An interdisciplinary research team involving expertise from the Faculty of Engineering and Information Systems, the Faculty of Law, Humanities and the Arts, and the Australian Institute of Innovative Materials, is working towards the development of a ‘Smart Garment’.

Funded by the Global Challenges program the project is investigating the feasibility of incorporating antenna arrays within garments for localisation and tracking, health monitoring, as well as signalling the provenance of the garment.

The antenna array is envisaged to harvest energy from a probing signal and then send back the relevant information using this energy.

This information can be used to monitor and track the status and distribution of mining personnel for example, in locations where GPS or traditional location-based systems do not operate. In particular, and of critical importance to Australia, the radiation signature of a (unique) pattern of antennas incorporated into the fabric may be used to signal provenance.

“Unlike the existing methods, such as attaching a tag, the information is built into the pattern of yarns and counterfeiting is extremely difficult,” says Prof. Safaei.

This allows Australian producers to differentiate themselves from (cheap) imitations and tap into a socially and environmentally conscious market segment that is likely to show significant loyalty to the brand. 

“This project is a first for our team. We have done all the fundamental work and are now developing the prototype device.” Said Dr Foroughi.

Learn More about this work via the Bluey Merino project: "Farm to Lab": A story of innovation, traceability and werable technology. This joint projet has been funded through the NSW Tech-voucher program and Bluey Merino in partnership with the UOW Intelligent Polymer Research Instuute (IPRI), led by Dr. Javad Foroughi.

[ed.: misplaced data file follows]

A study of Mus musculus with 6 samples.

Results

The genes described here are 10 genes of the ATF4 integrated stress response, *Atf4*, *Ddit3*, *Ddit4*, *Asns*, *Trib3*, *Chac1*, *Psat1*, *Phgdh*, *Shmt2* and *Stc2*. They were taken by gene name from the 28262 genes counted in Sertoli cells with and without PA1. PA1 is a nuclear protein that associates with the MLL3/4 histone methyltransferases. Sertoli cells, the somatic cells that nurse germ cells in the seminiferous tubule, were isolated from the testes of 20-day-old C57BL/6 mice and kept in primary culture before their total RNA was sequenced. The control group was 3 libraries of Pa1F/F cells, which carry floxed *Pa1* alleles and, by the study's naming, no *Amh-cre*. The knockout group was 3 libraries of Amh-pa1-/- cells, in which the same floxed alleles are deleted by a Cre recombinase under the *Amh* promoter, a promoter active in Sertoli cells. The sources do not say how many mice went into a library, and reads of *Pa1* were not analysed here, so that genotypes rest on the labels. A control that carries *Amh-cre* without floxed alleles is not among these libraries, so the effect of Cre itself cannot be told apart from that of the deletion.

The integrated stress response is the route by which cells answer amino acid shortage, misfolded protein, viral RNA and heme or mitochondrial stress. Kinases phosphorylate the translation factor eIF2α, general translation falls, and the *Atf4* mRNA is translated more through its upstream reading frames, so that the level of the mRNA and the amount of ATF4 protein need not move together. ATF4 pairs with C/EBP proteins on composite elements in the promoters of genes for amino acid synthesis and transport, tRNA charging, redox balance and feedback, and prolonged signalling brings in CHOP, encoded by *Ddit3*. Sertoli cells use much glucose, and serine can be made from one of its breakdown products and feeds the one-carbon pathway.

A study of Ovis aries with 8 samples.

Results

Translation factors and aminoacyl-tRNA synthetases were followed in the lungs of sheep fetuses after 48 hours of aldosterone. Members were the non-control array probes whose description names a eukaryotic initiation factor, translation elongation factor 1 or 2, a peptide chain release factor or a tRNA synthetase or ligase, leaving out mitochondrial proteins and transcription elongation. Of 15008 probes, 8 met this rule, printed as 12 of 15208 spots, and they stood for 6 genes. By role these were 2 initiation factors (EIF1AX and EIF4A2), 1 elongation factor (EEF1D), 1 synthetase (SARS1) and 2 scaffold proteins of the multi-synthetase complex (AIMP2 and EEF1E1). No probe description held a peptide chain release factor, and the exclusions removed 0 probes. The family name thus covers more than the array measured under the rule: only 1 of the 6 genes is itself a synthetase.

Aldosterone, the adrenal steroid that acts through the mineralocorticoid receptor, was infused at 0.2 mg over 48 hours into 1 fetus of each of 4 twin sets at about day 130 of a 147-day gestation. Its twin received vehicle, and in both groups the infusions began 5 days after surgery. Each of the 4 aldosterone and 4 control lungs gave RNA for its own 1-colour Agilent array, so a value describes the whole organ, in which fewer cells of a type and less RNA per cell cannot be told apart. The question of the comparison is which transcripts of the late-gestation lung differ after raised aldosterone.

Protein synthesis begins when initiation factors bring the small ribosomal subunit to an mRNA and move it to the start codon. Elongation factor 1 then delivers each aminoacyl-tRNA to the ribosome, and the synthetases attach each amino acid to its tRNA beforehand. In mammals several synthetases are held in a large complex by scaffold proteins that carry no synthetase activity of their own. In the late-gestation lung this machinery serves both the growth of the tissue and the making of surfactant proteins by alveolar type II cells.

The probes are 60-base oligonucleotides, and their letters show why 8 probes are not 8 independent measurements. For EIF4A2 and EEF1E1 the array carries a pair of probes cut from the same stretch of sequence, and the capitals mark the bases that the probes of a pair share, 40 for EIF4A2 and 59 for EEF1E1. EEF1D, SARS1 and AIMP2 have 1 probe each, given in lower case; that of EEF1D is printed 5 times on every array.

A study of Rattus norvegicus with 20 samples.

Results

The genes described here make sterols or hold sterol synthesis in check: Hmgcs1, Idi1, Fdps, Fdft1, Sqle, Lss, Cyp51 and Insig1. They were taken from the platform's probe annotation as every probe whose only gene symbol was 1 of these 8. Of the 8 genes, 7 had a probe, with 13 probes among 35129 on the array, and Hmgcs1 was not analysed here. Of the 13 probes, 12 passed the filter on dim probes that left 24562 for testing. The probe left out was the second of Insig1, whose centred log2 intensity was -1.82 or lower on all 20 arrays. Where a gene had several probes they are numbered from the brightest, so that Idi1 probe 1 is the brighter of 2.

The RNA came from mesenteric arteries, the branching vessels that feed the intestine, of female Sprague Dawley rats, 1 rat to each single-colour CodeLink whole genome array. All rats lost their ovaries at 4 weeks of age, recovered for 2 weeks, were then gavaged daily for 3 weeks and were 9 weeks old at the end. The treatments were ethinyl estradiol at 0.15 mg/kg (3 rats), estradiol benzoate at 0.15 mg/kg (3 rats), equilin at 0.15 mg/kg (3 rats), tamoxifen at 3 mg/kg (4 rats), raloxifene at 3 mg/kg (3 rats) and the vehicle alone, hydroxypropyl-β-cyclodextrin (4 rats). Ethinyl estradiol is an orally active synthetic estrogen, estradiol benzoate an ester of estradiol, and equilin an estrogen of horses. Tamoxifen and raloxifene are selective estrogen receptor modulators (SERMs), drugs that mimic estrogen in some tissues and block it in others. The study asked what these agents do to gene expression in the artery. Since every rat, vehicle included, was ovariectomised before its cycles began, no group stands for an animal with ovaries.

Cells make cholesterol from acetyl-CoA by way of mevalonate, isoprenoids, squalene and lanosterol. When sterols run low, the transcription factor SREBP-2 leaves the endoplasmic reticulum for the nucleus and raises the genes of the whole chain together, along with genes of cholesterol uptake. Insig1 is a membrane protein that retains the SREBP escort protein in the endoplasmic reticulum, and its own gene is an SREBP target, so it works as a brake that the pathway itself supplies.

The UOW Team

Dr Javad Foroughi  an ARC Research Fellow, from the Intelligent Polymer Research Institute, ARC Centre of Excellence for Electromaterials Science, UOW. He is an expert in nanomaterials processing and characterisation, with particular emphasis on conducting polymers, CNT, graphene, wet-spinning fibre processing, composite manufacture, device assembly and their mechanical, electrical and electrochemical and spectroscopic characterisations. Dr Foroughi is currently developing CNT materials especially tailored for massive antenna arrays.

Professor Farzad Safaei from the Faculty of Engineering and Information Sciences has extensive experience in the design and optimisation of network infrastructure, distributed systems, protocol modelling and performance evaluation, specifically for multiple-input multiple output (MIMO) wireless systems, antenna selection and co-operative communication.

Dr Raad Raad is part of the School of Electrical, Computer & Telecommunications Engineering within the Faculty of Engineering and Information Systems. He has expertise in sensor networks, RFID, medium access control protocols, delay tolerant networks, cellular systems and admission control. He also has an ongoing project for mining and smart wireless rock bolts.

Professor Philip Ogunbona is part of the School of Computing & Information Technology within the Faculty of Engineering and Information Systems.  He has expertise and research experience in pattern recognition and machine learning.  In this project he will contribute to the mining of appropriate wearable sensor data for the purpose of recognising human activities where such algorithms can be used to detect the state of a person underground.

Dr Teodor Mitew is a lecturer in the School of the Arts, English and Media within the Faculty of Law, Humanities and the Arts.  He has expertise in digital and locative media, studies of technology and society, actor network theory and ambient socio-digital systems.  He contributes a humanities perspective to the project in terms of conceptualising the effects of pervasive and semantically-rich connectivity on human users.